BANGKOK -- Amid concerns in the mining sector that prices for metals and ores may not yet have found the bottom of the market, there may be light at the end of the tunnel for nickel, despite record high inventories being held by the London Metals Exchange.
The price of nickel, which is one of the main ingredients in stainless steel, peaked at $51,780 per metric ton in the heady, pre-global financial crisis days of 2007. It then fell to $8,850 per metric ton in October 2008 before climbing back to $28,410 by Feb. 2011, according to the commodities reference site Indexmundi.com.
Like most metals, nickel went into free-fall after 2011, dropping further than most and hitting a seven-year low of $9,100 on Aug. 12, close to its 2008 market nadir. Since then, however it has bounced back by 15%, to close at $10,460 on Oct. 13, leading some to predict that this is the start of further improving fortunes.
The market consensus is that nickel prices are set to rise further, and Alto Capital analyst Carey Smith recently forecast that the metal would return to $20,000 per metric ton by March 2017.
About 70% of nickel produced globally is used in stainless steel, a widely used industrial alloy that also requires chromium. Most stainless steel contains between 8% and12% nickel, which brings qualities of toughness, corrosion resistance and strength at extreme temperatures, along with magnetic and electronic properties.
Demand for stainless steel is growing slowly -- by 0.5% globally this year so far compared with the same period last year. However, analysts at Morgan Stanley are forecasting a pick up to 3.5% growth in 2016.
Prices may also benefit from supply constraints, thanks in part to the Indonesian government and debt-laden mining companies, led by the Swiss giant Glencore.
Indonesia, which is Southeast Asia's most populous nation, has emerged as a major resources player in recent years, and is now the world's biggest nickel miner. In January 2014, Indonesia decided to ban the export of raw ores such as nickel ore and bauxite, from which alumina is extracted, insisting that processing should instead take place in Indonesia.
Instead of exporting raw nickel ore, Indonesia is now a bit player in the export market for nickel pig iron, a product that is fed into stainless steel furnaces. In China, however, stocks of Indonesia's high quality nickel ore are all but run down, according to Morgan Stanley.
Separately, many mines are being mothballed as companies trim loss-making operations to reduce debt. After a dramatic 30% share price crash on Sept. 28, Glencore has become a byword for over-leveraged mining companies. The London-quoted stock has recovered most of the ground it lost in September, but its closing price of 118.05 pounds ($182) on Oct. 10 nevertheless represents a fall of 62% from its 2015 high of 313.30 pounds on April 28.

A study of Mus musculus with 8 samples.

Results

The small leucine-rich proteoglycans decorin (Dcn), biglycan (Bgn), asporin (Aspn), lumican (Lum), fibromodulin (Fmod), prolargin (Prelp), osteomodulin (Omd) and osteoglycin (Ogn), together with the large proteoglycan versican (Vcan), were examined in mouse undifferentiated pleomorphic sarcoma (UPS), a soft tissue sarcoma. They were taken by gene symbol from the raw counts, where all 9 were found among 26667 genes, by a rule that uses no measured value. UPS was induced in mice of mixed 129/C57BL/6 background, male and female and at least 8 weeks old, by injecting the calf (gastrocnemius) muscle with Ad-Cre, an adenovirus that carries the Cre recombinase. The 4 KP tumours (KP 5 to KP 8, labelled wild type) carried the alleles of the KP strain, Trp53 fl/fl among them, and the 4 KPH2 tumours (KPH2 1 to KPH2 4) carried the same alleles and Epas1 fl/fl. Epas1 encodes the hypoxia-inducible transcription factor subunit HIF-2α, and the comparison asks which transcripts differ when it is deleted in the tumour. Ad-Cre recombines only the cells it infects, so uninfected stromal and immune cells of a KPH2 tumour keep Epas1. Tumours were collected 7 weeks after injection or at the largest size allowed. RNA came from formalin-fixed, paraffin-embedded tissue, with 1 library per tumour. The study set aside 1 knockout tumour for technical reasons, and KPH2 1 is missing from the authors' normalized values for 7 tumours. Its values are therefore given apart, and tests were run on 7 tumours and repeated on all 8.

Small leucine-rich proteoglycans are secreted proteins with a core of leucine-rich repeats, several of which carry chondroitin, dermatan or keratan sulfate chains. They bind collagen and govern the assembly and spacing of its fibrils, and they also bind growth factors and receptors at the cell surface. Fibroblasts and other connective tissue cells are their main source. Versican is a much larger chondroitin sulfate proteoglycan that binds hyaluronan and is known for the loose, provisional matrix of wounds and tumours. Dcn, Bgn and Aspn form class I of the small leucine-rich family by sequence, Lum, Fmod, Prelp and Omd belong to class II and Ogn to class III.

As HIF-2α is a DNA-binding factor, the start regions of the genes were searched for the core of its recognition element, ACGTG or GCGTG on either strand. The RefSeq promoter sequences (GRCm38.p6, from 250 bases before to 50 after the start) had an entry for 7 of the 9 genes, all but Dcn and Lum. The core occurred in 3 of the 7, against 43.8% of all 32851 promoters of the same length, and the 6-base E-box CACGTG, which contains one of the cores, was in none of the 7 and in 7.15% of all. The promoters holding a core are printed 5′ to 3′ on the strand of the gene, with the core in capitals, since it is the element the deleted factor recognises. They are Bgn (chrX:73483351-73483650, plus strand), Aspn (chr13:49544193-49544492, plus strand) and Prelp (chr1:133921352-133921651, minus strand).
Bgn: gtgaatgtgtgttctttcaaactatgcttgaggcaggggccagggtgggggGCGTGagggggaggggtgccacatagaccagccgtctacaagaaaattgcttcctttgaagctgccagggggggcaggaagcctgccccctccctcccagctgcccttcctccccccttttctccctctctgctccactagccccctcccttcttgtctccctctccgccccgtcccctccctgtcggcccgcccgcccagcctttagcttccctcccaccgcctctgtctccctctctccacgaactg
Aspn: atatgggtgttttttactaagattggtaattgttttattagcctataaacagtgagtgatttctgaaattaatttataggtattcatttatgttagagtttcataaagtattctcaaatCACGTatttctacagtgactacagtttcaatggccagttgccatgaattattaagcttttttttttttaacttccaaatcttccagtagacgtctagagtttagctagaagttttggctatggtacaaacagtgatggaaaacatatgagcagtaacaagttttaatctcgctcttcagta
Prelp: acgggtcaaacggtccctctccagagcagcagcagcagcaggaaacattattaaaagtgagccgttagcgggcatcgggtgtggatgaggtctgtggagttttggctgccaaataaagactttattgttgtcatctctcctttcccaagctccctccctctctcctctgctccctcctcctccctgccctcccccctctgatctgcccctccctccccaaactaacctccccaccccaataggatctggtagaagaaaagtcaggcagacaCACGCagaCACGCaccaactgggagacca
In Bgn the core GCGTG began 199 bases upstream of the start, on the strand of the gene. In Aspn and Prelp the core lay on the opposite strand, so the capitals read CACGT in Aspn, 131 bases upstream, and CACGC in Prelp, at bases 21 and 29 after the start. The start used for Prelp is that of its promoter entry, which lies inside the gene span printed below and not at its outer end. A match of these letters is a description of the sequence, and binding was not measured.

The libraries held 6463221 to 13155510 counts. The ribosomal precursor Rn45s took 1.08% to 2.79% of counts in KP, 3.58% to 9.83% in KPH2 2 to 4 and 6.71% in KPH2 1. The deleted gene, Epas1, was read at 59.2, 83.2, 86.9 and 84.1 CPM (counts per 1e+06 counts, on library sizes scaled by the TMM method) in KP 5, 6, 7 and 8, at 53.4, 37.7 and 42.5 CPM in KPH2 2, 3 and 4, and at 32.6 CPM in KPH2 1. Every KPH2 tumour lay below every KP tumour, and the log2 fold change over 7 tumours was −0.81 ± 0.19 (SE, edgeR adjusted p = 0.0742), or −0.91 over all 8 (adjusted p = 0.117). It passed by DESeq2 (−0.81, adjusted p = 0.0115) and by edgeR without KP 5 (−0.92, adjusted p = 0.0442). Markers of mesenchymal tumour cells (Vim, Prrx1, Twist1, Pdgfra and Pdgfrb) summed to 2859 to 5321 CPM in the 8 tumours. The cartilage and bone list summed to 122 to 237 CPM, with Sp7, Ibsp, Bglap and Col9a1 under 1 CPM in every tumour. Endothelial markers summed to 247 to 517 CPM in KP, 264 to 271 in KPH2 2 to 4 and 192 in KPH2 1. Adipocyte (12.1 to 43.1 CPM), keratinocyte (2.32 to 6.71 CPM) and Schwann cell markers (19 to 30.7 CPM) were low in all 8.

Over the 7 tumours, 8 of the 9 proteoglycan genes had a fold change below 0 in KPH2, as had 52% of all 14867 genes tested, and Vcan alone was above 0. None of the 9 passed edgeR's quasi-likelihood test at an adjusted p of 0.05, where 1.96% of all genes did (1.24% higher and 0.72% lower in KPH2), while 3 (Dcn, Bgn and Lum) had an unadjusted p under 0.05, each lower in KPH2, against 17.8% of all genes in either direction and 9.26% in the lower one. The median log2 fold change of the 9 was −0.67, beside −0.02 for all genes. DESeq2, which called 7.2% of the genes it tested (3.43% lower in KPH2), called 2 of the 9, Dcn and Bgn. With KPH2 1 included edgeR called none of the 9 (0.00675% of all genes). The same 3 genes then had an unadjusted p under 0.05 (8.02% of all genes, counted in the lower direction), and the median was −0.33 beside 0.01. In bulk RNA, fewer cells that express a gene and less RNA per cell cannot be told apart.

Since the September stock plunge, Glencore's board has moved to bolster its assertion that it has a plan to reduce the company's $30 billion debt pile, suspending production at a range of copper and zinc mines in Africa, Australia, Central Asia and Chile and putting others on the market,
In an illustration of the company's market power, Glencore's move to reduce its zinc output, accounting for 4% of global supply, added 10% to the commodity's price on Oct. 9. Analysts believe that Glencore's nickel mines in five countries, which as a group have underperformed for the company, could be next.
Other miners are also cutting production. Australia's Mincor and Canada's Sherritt International have reduced nickel output, and more may follow. UBS commodities analyst Daniel Wood estimated in an Oct. 9 report that 50% of global nickel production is loss making at current prices.
The overriding question is whether the bottom has been reached, or the upward tick in nickel prices is just a breather. For every analyst who has declared that the four-year-old commodities rout is over there is another warning of more doom and gloom.
Monthly import figures from China, released by the country's National Bureau of Statistics on Oct. 13, will not have provided the cheerleaders with much joy. Chinese nickel ore imports were down 39% year on year, lead ore was down 21% on the same basis and -- after adjusting for port stockpiles -- iron ore imports were down by 6.5% on a monthly basis. On an annualized basis iron ore imports were at the same level as last year.
Then there are those pesky LME nickel inventories that have weighed on the price. In June they touched a 20-year high of 465,564 metric tons of nickel, in a global market that uses only 2 million metric tons a year. The current level of warehouse stocks compares with 54,000 metric tons when nickel was at its October 2008 low.
Even in this, however, there is good news. According to Morgan Stanley "almost 60% of the holdings are full plate cathode, the least preferred form of [the] metal," which requires cutting before it can be used. So the light at the end of the tunnel is still flickering.